Walk Off Hit By Pitch Earns Larks Series Opening Win
Tyler Steele’s second stellar performance gives Larks platform to record their third walk off win of the year
BISMARCK, ND – The new team in the Northwoods League from Bismarck has a new nickname. That new is nickname is the Cardiac Larks.
For the third time on the 2017 season and for the second time in the last four days, the Bismarck Larks won due to a walk off. The Larks defeated the Mankato MoonDogs in their first ever meeting by the final score of 2-1.
The first four and a half innings were highlighted by the 12 total strikeouts between the two starting pitchers.
Collin Floyd for the MoonDogs (10-11) struck out six batters in his first four innings of work leaving a total of four Larks baserunners in scoring position.
Tyler Steele came out for the Larks (11-12) striking out six batters through his first five innings of work doubling his season high of three strikeouts back on June 9th against Eau Claire. Steele allowed just two hits and one walk throughout these first five innings dealing with little to no stress innings.
In the bottom of the fifth, the Larks would throw the first punch with Ryan Anderson’s (UC Davis) RBI single into left field scoring Scooter Bynum. The one run is all the Larks would get as Floyd induced Cooper Coldiron to ground into inning ending 5-4-3 double play. Floyd ended up going five and two-thirds innings with just the one earned run.
The way Steele was throwing the ball on this Wednesday evening at Bismarck Municipal Ballpark the 1-0 lead seemed like more than enough for the lefty from Kingsburg, CA.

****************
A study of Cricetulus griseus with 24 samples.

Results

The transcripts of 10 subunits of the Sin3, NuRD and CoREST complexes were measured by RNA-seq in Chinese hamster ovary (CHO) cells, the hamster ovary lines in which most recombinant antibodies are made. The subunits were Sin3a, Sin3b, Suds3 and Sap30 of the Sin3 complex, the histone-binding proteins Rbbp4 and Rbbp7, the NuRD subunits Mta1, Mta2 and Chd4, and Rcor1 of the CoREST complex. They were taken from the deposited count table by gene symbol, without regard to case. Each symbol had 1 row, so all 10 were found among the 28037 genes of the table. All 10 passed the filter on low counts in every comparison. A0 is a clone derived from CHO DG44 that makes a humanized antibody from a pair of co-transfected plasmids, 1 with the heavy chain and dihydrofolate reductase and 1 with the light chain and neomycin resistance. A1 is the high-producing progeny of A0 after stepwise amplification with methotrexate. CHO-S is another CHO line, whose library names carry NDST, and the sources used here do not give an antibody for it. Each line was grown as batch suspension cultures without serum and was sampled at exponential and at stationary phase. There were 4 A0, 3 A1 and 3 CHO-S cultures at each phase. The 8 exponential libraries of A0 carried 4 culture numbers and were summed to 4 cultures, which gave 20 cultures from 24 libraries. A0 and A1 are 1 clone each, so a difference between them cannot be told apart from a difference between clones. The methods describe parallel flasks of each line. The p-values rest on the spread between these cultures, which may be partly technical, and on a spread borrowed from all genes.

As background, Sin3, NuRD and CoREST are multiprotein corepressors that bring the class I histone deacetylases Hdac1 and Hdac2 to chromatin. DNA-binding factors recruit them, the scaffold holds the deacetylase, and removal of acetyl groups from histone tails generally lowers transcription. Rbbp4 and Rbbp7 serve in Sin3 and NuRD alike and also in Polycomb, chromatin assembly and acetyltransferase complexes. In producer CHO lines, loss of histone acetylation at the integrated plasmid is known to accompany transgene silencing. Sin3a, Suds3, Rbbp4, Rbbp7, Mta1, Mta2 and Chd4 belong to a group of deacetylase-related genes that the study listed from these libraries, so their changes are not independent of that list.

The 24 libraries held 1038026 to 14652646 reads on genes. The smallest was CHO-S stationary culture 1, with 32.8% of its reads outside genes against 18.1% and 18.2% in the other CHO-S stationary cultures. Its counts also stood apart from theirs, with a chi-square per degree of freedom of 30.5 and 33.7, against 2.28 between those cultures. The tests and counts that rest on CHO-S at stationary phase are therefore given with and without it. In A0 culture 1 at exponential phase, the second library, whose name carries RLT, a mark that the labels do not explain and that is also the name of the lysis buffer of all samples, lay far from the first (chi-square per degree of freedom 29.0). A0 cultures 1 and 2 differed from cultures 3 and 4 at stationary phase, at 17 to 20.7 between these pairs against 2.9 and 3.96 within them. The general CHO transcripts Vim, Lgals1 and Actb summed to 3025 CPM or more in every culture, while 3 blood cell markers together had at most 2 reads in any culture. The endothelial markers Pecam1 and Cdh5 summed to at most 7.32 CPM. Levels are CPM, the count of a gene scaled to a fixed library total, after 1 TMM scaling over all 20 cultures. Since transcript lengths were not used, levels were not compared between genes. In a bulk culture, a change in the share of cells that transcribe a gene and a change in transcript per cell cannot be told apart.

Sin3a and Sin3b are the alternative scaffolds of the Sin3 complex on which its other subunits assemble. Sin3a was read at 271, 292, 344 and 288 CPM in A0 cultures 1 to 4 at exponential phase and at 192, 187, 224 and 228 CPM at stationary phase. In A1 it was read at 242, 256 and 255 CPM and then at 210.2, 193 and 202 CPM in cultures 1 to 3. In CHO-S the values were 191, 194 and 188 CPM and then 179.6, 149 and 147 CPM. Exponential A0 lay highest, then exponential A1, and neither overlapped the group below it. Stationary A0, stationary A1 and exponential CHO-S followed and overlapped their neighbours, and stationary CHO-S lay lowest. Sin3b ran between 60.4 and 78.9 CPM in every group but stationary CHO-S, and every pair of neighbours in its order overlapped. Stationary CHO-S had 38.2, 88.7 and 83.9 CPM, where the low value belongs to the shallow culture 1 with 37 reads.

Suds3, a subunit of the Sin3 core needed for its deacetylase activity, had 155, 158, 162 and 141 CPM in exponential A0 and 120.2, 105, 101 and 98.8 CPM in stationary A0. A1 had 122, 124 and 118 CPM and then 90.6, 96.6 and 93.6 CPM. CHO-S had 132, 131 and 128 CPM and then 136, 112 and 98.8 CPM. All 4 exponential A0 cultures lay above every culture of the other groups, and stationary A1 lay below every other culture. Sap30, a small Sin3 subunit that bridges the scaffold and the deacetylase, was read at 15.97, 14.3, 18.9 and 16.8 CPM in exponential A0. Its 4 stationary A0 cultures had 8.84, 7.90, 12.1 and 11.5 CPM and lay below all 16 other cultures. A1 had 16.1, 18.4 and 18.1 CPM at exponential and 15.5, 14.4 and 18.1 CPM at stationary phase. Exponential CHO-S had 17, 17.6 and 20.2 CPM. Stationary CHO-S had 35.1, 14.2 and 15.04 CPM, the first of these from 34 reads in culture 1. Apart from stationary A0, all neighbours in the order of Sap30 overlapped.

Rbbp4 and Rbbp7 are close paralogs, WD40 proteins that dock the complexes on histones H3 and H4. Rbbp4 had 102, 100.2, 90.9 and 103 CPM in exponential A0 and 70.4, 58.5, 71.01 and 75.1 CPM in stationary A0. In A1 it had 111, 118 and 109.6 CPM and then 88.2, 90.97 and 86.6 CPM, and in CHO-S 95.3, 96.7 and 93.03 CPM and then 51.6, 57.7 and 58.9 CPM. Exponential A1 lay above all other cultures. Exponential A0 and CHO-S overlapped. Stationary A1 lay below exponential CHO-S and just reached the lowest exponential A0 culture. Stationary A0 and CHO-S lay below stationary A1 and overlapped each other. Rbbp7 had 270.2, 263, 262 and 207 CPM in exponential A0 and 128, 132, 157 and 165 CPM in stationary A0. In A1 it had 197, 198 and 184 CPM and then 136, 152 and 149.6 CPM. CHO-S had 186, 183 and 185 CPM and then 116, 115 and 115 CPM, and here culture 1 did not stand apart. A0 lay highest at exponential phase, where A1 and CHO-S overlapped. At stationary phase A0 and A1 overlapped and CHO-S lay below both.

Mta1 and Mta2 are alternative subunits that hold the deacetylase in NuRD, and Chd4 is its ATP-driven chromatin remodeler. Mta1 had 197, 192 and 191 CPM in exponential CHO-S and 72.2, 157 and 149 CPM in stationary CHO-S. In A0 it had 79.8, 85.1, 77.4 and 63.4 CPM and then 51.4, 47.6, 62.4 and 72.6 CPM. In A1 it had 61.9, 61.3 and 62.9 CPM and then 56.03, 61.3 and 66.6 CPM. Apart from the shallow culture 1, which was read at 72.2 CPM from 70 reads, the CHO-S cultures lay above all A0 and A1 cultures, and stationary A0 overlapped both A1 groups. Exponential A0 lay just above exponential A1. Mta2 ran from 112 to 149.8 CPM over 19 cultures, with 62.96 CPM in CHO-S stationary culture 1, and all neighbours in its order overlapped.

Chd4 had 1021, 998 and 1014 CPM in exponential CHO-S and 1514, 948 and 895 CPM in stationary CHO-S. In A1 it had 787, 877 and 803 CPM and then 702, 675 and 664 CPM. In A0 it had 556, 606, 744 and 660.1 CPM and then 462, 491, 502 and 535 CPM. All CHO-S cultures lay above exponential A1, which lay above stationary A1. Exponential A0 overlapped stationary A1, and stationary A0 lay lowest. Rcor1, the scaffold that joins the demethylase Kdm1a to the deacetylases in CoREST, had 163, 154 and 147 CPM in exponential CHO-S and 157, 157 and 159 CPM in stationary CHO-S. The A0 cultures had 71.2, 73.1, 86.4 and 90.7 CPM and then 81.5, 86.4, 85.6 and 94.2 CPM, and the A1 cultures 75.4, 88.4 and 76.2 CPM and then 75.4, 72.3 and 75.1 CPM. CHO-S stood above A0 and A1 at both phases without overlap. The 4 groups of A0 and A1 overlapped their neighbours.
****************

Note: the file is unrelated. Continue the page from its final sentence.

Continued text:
Steele would keep the one run advantage in tact retiring the last six batters he faced finishing the night on seven innings pitched and just two hits allowed. He struck out seven MoonDogs hitters and issued his only walk in his last 15 innings of work.
Although the 1-0 lead seemed to loom much larger due to Steele’s dominance, the reality is that the MoonDogs needed just one run to tie up the game.
The MoonDogs got their chance in the top of the eighth inning when Jeff Lindgren entered in from the Larks bullpen.
With runners on first and third and one out, Jake Shepski tied the game at 1-1 with an RBI fielder’s choice as the Larks tried to turn a double play but weren’t able to convert. This was the first run Lindgren gave up in his eight total appearances as a Lark.
After the Larks failed to score in the bottom of the eighth Lindgren came back out for his second inning. The MoonDogs made Lindgren work in top of the ninth, but Lindgren came out on top striking out Nick Vaage with the go-ahead run standing on second base.
This is where the Larks became the Cardiac Larks.
Bynum led off the inning shooting a single into right field off MoonDogs reliever Matt Young for Bynum's sixth hit in his last two games. The MoonDogs then went to their third pitcher of the night calling upon Jake Gerber to try to send the game into extra innings.
After a strikeout of Mitch Gallagher, Gerber would hit Austin Paschke on a 1-2 count right on the kneecap to award him both a free pass and also a bruise for tomorrow.
Anderson provided a productive at-bat grounding out on a ball deep into the 5-6 hole for the second out of the inning. The grounder moved Bynum up to third and the pinch runner Noah Sadler up to second.
The MoonDogs opted to intentionally walk Coldiron to present themselves with a force out at any base.
The force play wouldn’t matter though.
It was the wildness of Gerber that came back to haunt the MoonDogs and grant the Larks the series opening victory.
In a 3-1 count with Newt Johnson up at the plate, Gerber ran a fastball too tight hitting Johnson on the midsection for the rare walk off hit by pitch.
The Larks will look to build off of the 2-1 victory as they take on the MoonDogs for the second game out of a two and two, home and away split.
Micah Beyer will take the ball tomorrow for the final game of the current six game homestand with the first pitch set for 7:05pm.